Putting Ireland on the map — Paul Clements on 200 years of the Ordnance Survey in Ireland

Maps are power, offering knowledge and infinite suggestions to the mysteries of the countryside

They tell stories, keep secrets and hold memories of places visited but long-forgotten. As an inspirational guiding light to exploring the landscape, they teem with life for walkers, cyclists and motorists. They help work out gradients and contours, the folds of valleys, locations of forests, lakes and rivers, the site of a deserted village, or lost harbour.

In short, maps offer the freedom to get lost and then find your way again.

This year the Ordnance Survey in Ireland is commemorating the bicentenary of its founding in 1824. Prior to partition, the OS was an all-Ireland body with its headquarters at Mountjoy House in Phoenix Park. But on January 1st, 1922, the OS of Northern Ireland was established in Belfast, while on April 1 st that year the OS of the Free State came into being, known as Ordnance Survey Ireland. On March 1 st, 2023, the OSI merged with the Property Registration Authority and the Valuation Office under a new State agency, Tailte Éireann, the “lands of Ireland”.

Originally founded in 1791, the organisation was set up to map the south coast of England over concern of invasion by Napoleon.


However, the work of the first survey in Ireland was initially to provide officials with the basis for a general valuation of the land. Later the six-inch maps found other applications with their remit becoming more complex than elsewhere.

The cross-disciplinary project incorporated folklore, literature, language, antiquities, and religion. It also extended to a parallel geological survey while detailed memoirs began in 1830.

Despite an official ban on any Irish involvement, the survey was forced to seek local expertise. This is where one of the key people came in: John O’Donovan, an Irish language scholar who worked on the survey and was later Professor of Celtic Studies at Queen’s University in Belfast, was tasked with the job. He was an authority on translation from Irish to English, determining the spelling and pronunciation, and suggesting anglicised versions of those names he documented.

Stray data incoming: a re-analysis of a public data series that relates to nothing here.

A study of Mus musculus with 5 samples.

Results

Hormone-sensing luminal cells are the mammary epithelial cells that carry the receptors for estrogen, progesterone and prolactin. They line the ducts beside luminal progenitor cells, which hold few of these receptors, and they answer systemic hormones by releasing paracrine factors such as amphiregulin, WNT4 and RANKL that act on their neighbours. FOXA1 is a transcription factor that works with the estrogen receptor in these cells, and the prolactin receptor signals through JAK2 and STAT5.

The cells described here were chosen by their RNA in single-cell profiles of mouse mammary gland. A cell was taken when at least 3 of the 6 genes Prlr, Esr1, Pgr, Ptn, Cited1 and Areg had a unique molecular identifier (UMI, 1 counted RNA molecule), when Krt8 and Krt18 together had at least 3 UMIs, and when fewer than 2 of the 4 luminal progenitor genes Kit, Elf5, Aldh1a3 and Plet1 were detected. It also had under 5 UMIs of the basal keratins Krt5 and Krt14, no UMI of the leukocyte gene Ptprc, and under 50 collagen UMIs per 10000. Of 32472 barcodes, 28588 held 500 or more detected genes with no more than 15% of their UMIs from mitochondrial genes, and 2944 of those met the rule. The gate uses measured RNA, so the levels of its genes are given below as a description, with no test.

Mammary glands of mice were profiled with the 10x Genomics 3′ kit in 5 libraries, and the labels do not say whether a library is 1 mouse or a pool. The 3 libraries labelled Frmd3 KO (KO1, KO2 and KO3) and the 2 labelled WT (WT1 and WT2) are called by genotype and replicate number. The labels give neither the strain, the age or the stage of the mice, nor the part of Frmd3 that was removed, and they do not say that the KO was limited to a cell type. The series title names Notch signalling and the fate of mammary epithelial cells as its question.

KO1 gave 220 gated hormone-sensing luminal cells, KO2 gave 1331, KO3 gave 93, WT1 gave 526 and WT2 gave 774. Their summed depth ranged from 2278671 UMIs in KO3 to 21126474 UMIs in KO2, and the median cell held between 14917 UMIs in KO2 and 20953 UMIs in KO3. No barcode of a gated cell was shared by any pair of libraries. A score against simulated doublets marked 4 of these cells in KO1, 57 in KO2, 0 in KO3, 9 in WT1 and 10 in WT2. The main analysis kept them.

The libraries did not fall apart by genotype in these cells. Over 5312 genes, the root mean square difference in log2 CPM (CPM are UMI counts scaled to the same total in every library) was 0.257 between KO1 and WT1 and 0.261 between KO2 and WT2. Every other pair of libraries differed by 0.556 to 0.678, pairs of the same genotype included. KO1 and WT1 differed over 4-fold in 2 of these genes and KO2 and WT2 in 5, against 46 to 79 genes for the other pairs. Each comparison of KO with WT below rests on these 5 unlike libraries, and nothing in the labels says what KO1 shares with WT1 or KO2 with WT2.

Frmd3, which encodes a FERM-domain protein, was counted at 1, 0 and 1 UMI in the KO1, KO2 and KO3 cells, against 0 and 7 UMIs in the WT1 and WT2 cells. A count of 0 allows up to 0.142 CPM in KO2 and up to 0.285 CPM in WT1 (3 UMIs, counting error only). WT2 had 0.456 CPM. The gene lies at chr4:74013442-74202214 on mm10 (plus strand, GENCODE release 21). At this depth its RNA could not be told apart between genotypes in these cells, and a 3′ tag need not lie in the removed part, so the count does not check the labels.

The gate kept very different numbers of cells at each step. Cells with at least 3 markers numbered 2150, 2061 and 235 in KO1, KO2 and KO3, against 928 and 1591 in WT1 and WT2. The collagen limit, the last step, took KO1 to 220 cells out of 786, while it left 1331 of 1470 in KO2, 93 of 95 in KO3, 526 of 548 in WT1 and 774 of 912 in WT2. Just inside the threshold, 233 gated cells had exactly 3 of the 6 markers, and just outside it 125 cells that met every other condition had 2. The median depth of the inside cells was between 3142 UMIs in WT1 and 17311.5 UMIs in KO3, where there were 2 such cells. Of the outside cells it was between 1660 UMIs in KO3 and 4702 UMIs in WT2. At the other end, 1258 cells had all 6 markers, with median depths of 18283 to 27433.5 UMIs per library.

Parts of the mapping process involved replacing ancient Gaelic place names with English ones. Vexed issues arose about aspects of Ireland’s toponymy with areas of disagreement between local authorities and mapmakers, while attempts were made to sabotage some measurements. Elements of this were showcased in Brian Friel’s tragicomedy Translations (1980), about colonialism, cultural identity, and erosion. The three-act play is set in 1833 in Ballybeg (translated from Baile Beag, or “small town”) a fictionalised place in Co Donegal, although several villages in Ireland are called Ballybeg.

Two centuries ago, surveyors tramped across shelterless bogland carrying a theodolite and chains, powerful lamps, clinometers and heliostats to control points at the tops of mountains. They plotted precise details recording variant place names in their field books and drawing hill sketches.

The artist and field geologist George Victor du Noyer – appointed as a topographical draughtsman – was employed by the OS to sketch significant features in the landscape and record the flora and fauna.

Fast-forward to the 21st century where smartphone apps, satnav, digital imagery, and the spatial data of the present day are a world removed from the methods of those first surveyors.

Today’s printed maps are decorated with a colour cover photograph, featuring perhaps a scenic coastal view, a beach or an aspect of antiquity. Spread a large OS sheet on the kitchen table and multilayered possibilities lie before you; open an app and you stare at a small screen and will struggle to find any romance in it.

The maps used by resolute hikers often reflect a personal history showing the inky zigzags of routes, hand-scrawled notes, compass bearings and scribbled telephone numbers.

Maps are power, offering knowledge and infinite suggestions to the mysteries of the countryside.

The information, stimulation and practical clues they provide are resources for writers, artists, musicians, storytellers and even diarists; in fact, one of the early surveyors, John Keegan, from Moate in Westmeath, kept a journal, A Young Irishman’s Diary, 1836-1847, published in 1928.

Apart from their obvious use in helping walkers locate the concrete trig pillars on mountain summits, the maps are invaluable in searching out quiet boreens.

A map is also a bond between strangers. Produce one in a café, pub, or on the street and you will draw the attention of locals wanting to help you find your way or point you, possibly, in the wrong direction.

Pore over the Discovery or Adventure series of maps and a hidden landscape comes alive with the thrill of anticipation: standing stones, promontory forts, ancient rock art carvings, holy wells, a packhorse bridge, or the location of cillíní – unbaptised children’s graves.

The map provides an itch and within seconds you are whisked to the outdoors, lost in the aesthetic pleasure of the curiosities of historical cartography. An hour later, like a drunken accordionist, you may well be wrestling to fold the map back into its crinkly concertina shape.